THE African Export-Import Bank (Afreximbank) says it is ready to disburse to Zimbabwe additional lines of credit on the country’s limit.
Report by Ndamu Sandu
Afreximbank has been the country’s all-weather friend, helping with lines of credit necessary in reviving capacities in the local manufacturing industry.
Denys Denya, the bank’s executive vice-president in charge of Finance, Administration and Banking Services, told Standardbusiness the appetite for risk was in line with Afreximbank’s thrust to fill the gaps in member countries’ markets.
“Given the total country limit there is room for us to disburse another US$200 million,” Denya said on the sidelines of the African Development Bank annual meetings.
Last year, the bank annou-nced that it would avail lines of credit to Zimbabwe of between US$700 million and US$800 million in 2013.
Denya said the bank’s new thrust would be talking to individual companies to “manage risk and reach a level of understanding, which will enable you to help them not only for one year but for the long-term”.
“Previously our facilities were normally 12 months but we have moved to three years. There is room to move because the upper limit of our facility is seven years and Zimbabwe definitely needs medium-term facilities but we need an enabling environment to be in place for us to do that,” the Afreximbank executive said.
Denya said the bank was bullish about the Zimbabwean economy, but that there was need for regulatory changes to attract more lines of credit into the economy.
“Obviously the regulatory environment needs to change to be more enabling, protection of property rights that enables us to bring international financiers with us to finance the gap that is in Zimbabwe. Zimbabwe’s exports are not sufficient to provide the necessary foreign currency to import the needed that you need to retool,” he said.
Zimbabwean companies are in desperate need of long-term financing to replace antiquated equipment and machinery, some of which is more than 50 years old.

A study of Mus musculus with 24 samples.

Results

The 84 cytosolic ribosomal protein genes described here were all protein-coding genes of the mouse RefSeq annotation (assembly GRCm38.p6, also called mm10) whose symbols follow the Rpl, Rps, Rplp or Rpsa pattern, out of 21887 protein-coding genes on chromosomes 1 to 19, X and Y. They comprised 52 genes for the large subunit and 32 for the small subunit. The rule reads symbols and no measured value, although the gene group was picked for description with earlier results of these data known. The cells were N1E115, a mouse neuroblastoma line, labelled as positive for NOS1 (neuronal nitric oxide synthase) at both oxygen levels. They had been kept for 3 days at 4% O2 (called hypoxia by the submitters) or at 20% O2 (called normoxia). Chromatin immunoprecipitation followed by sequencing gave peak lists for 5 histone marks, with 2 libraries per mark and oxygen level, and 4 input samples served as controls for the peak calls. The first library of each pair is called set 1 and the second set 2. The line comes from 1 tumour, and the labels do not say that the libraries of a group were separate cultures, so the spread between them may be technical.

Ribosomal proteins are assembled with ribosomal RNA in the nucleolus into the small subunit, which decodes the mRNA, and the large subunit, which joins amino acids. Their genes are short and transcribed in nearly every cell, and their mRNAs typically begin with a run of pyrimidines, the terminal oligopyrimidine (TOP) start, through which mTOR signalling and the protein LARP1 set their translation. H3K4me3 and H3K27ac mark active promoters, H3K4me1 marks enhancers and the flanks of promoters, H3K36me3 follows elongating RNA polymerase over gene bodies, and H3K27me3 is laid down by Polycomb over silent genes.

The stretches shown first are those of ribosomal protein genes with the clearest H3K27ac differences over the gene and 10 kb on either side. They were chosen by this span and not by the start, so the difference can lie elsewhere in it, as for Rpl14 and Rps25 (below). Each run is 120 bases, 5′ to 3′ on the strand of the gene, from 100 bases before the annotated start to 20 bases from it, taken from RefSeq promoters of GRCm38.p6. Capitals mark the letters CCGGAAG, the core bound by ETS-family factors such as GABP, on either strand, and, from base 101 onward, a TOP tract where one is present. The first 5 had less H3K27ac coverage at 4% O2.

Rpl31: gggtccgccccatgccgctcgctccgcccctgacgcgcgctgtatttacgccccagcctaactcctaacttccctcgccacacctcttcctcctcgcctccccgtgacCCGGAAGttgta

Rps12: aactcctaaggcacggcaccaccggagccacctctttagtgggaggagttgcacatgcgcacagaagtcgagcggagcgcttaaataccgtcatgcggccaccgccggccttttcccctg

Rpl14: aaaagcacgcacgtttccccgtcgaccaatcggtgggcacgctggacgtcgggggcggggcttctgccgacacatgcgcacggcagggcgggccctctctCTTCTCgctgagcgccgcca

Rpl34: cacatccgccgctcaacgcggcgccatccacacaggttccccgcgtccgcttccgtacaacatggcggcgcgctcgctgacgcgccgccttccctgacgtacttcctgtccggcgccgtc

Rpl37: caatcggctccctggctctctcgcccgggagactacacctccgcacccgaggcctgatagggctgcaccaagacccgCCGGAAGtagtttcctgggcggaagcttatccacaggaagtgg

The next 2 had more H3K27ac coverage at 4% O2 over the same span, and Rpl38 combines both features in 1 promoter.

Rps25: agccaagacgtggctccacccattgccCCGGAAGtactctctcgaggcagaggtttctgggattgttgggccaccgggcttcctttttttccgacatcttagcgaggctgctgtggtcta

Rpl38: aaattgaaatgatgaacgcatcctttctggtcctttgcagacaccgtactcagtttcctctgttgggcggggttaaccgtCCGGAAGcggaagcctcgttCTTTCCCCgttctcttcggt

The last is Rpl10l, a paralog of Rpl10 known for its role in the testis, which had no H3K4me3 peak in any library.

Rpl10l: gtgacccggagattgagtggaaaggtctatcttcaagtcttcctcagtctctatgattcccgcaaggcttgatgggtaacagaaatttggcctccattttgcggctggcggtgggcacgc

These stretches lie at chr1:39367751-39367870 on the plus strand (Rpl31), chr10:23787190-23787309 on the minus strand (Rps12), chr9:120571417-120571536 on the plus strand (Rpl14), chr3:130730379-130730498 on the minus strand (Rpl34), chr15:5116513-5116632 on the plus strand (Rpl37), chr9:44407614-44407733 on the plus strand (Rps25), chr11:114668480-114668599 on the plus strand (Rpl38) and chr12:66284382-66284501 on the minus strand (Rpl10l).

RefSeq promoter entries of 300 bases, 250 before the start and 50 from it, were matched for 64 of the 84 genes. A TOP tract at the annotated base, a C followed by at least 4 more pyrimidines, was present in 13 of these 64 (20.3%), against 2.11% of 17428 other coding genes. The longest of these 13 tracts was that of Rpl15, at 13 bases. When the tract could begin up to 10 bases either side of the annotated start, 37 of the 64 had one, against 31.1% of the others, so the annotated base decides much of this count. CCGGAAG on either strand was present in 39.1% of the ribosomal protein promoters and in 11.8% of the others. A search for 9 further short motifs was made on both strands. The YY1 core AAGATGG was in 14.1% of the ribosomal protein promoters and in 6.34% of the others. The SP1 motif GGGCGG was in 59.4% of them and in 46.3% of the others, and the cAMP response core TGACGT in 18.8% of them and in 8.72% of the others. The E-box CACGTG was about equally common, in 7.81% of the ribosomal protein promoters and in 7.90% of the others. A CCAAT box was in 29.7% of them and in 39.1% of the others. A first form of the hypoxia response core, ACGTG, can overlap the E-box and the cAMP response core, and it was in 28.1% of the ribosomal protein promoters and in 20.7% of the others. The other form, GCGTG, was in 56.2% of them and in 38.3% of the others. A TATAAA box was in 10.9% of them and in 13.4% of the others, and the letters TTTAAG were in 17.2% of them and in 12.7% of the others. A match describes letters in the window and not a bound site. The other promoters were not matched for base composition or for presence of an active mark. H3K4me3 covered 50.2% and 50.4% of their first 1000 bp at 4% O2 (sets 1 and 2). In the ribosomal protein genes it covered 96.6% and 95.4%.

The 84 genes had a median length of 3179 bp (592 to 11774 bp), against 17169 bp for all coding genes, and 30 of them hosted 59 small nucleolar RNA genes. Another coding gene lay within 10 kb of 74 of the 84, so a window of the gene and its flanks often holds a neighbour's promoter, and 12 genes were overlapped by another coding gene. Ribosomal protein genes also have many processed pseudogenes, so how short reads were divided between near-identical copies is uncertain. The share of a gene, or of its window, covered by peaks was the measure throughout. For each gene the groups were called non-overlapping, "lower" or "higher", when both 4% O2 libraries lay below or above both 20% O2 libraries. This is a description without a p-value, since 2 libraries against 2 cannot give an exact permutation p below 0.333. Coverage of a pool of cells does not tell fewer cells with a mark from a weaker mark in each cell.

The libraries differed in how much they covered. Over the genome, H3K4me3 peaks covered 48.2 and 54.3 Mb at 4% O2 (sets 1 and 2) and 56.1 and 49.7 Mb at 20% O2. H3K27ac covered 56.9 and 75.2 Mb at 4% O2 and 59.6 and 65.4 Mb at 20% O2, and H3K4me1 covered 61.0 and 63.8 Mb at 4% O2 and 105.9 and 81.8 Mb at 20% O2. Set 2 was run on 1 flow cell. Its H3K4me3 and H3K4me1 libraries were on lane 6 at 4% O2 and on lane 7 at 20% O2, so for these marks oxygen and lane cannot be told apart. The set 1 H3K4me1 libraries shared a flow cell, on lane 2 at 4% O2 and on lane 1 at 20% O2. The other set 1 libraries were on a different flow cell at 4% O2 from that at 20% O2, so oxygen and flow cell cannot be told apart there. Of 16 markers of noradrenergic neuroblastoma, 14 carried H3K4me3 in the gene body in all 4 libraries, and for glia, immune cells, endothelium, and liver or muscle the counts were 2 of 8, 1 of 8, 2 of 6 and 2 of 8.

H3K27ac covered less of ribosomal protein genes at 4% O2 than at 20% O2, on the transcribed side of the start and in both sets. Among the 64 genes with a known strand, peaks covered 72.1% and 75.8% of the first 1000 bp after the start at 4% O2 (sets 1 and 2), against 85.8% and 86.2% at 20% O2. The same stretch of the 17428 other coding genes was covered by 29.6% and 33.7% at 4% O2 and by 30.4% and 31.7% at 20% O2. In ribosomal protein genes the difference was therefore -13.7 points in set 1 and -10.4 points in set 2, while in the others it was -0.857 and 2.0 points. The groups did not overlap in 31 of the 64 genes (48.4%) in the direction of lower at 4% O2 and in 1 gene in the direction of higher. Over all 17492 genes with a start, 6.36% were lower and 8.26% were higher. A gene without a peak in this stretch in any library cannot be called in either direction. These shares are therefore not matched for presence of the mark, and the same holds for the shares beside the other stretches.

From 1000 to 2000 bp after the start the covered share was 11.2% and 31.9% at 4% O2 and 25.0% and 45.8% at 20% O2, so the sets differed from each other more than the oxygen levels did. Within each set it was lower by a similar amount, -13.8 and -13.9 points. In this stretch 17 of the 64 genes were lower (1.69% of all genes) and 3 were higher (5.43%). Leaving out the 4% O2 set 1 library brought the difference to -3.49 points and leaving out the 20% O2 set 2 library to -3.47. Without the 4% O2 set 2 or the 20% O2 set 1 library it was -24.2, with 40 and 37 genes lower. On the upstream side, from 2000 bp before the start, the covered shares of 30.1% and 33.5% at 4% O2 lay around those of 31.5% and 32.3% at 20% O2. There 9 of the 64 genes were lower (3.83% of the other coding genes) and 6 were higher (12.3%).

However, the country’s perceived risk profile has made it difficult to attract lines of credit. Zimbabwe cannot get funding from the International Monetary Fund (IMF) due to an outstanding US$140 million debt.
Other potential financiers
have taken a cue from the IMF, largely considered as the world’s financial Commissioner of Oaths.
Concerns have also been raised on the implementation of the empowerment laws prospective investors have equated to expropriation.
Reserve Bank of Zimbabwe governor Gideon Gono and Youth Development, Indigenisation and Empowerment minister Saviour Kasukuwere are at odds over the implementation of the empowerment policy on the banking sector.
Kasukuwere says the sector should be indigenised as per law. Gono argues that the one-size- fits, all approach does not work especially when dealing with the delicate banking sector — the nerve centre of the economy.
Together with the Ministry of Finance, Afreximbank funded the Zimbabwe Economic Revival Trade Facility (Zetref) that offered cheap loans for companies meant for retooling.
Denya said the bank is in discussions with government on another facility.
“We are still negotiating with the authorities. Our appetite is large, there is no reason why we can’t have Zetref II,” he said.
Afreximbank had proposed the introduction of a financial instrument to be used as collateral in interbank placements by banks.
The instrument would play a part in the distribution of liquidity from those that have excess funds to players facing some shortages.
It has meant other instruments to be introduced by government.
However, government did not consider the proposal and opted for an alternative route.
Despite government’s move, Afreximbank said the doors were not closed for Zimbabwe if it has a change of heart.